Why every parent should have a will
Remember when your children were first born?
You probably planned every detail of the baby’s room: from the wallpaper to the crib, to the ambience.
And you probably put the same level of thinking into planning their education. What schools will give your kids the best chance at a wonderful future?
You should apply the same thinking about making a will.
A will is a legal document that specifies who will inherit your assets and property when you die. But a will is much more than just a way of distributing your property when you are gone – especially if you have young children.
For parents, making a will is the single most important thing you can do to ensure that your children are cared for by the people you would choose to raise them if something happened to you before they reach adulthood.
Making sure your assets go to your kids
If you die without a will, it means you have died “intestate” and there is no guarantee that your assets will go to the people you want.
In Victoria your spouse, if you have one, would receive all of your personal chattels, the statutory legacy plus any interest, and half of the balance of the residual estate. The rest would be earmarked for your children. There are exceptions to this rule depending on whether your partner is the biological parent of your children.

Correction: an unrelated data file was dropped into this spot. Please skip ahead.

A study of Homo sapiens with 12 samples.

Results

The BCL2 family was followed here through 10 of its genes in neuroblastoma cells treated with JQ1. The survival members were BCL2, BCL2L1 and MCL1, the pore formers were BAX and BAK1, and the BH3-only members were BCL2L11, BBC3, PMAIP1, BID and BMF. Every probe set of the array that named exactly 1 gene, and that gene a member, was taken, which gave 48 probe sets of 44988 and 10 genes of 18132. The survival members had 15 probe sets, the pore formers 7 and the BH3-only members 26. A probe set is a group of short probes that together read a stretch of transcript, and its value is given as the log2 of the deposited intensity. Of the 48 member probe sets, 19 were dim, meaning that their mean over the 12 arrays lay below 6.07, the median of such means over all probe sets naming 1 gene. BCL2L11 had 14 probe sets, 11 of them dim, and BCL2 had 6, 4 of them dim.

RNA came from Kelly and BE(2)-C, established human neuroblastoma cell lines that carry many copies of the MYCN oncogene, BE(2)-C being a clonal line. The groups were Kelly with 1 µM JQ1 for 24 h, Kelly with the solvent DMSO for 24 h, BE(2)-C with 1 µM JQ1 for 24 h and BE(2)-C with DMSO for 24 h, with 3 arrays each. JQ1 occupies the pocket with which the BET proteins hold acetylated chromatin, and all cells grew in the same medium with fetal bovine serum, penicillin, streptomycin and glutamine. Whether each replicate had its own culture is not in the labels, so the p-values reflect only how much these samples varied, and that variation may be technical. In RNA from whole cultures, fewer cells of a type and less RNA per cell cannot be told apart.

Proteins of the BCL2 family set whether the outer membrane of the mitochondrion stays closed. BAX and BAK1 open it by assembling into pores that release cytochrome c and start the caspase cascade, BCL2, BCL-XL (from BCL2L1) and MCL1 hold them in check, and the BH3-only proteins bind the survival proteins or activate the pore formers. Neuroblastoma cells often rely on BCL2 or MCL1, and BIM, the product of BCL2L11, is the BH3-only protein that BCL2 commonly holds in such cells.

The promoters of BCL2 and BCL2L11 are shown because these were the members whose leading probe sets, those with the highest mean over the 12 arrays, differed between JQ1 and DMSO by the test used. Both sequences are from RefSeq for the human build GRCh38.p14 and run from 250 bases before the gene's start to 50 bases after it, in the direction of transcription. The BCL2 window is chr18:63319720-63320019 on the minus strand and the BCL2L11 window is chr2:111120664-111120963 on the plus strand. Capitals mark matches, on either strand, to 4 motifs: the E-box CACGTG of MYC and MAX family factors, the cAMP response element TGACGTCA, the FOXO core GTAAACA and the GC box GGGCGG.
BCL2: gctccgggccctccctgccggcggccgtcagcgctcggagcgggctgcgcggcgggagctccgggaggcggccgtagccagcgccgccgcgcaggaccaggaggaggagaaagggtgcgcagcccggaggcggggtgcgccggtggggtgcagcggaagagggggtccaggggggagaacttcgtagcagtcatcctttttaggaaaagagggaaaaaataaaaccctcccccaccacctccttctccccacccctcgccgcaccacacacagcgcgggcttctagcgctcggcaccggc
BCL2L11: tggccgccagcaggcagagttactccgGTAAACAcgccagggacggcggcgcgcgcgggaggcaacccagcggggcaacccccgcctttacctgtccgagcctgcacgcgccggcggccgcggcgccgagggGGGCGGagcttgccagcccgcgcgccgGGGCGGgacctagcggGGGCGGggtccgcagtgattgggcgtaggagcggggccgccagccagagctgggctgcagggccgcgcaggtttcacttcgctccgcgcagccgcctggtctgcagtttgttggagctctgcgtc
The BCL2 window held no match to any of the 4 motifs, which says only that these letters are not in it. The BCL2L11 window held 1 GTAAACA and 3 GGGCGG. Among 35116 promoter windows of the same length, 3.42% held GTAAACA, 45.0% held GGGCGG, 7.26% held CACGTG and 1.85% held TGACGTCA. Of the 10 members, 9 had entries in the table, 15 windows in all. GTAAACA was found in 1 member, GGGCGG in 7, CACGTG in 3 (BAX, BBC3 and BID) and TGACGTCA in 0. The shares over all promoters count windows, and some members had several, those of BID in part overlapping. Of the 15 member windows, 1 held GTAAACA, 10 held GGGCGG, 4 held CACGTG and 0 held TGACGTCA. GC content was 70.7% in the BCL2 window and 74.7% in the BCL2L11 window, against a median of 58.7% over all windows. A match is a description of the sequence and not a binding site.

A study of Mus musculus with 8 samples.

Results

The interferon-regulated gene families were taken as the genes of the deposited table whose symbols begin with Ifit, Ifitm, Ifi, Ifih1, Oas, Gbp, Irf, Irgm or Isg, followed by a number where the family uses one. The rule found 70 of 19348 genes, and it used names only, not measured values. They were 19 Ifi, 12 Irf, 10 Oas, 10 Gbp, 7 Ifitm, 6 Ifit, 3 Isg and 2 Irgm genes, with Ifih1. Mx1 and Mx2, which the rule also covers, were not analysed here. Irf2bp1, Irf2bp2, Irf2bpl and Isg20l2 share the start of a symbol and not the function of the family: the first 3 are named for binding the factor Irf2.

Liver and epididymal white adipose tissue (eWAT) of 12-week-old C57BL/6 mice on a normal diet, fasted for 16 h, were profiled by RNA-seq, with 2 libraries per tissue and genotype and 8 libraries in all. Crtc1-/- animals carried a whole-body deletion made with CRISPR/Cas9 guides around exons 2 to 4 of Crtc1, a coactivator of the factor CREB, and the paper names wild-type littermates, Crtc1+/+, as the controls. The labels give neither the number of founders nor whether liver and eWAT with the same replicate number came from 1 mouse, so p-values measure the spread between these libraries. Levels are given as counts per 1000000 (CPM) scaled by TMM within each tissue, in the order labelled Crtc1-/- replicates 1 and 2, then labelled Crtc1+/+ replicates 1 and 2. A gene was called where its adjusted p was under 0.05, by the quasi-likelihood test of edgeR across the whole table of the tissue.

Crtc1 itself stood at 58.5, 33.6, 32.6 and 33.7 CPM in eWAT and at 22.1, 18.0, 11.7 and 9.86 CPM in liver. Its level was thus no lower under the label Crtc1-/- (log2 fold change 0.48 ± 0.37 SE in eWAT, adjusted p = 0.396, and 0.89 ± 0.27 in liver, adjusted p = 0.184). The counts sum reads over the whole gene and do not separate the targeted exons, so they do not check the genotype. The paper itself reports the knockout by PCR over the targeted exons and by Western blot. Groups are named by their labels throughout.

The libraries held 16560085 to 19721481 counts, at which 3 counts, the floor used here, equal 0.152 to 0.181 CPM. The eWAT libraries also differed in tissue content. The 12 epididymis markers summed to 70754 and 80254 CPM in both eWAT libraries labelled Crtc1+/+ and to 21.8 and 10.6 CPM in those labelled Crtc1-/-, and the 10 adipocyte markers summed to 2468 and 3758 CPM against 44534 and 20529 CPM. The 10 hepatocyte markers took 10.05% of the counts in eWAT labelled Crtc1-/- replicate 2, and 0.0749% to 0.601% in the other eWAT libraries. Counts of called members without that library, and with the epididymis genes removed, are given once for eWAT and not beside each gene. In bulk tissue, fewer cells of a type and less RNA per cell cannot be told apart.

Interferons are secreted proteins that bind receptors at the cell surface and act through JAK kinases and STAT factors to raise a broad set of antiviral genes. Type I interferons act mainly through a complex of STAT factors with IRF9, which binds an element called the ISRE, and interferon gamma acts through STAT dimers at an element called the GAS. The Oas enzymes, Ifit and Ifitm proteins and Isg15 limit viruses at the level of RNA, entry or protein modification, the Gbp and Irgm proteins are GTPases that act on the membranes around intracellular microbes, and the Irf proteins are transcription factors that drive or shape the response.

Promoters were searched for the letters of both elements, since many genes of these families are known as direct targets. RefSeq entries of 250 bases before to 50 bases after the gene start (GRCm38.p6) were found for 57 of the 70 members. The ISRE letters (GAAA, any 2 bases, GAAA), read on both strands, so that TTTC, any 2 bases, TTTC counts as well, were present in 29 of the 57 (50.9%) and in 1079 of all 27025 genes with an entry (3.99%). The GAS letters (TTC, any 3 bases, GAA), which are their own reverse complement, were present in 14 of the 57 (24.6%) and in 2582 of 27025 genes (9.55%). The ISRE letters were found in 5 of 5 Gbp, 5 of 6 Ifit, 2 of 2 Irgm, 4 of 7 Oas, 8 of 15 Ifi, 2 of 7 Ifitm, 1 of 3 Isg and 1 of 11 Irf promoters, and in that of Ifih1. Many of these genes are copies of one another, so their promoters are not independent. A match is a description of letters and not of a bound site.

It also means that you have no control over who distributes your assets. Administration of your estate may be delayed if there is infighting among relatives about who should take control of the estate. It’s an inflexible formula. Ultimately, your kids may be disadvantaged if you don’t have a will drawn up.
Appoint a suitable guardian
If you pass away without a will, the Court will decide who should care for your children. That person might have very different ideas about parenting than you. In your will, you can choose a testamentary guardian for your children and make sure that they are looked after by someone you love and trust.
Ideally you and your spouse or partner should name the same person in your Wills as guardian to avoid confusion and conflicts. Many parents also choose an alternate guardian in case their first choice is unwilling or unable to take on the responsibility. (e.g. aging grandparents are no longer up to the task.)
Save emotional hassle
Losing someone is incredibly hard, and the last thing anyone wants to do is spend those difficult times dealing with lawyers or haggling with family members.
Making a Will keeps your loved ones from having to deal with legal hassles in a time of sadness. It will also give you peace of mind knowing that you have done everything necessary to ensure that your loved ones are looked after in the best way possible.
Bayside Wills and Estates have been helping families plan their wills and protect their assets for many years. Contact us here to discuss your will today.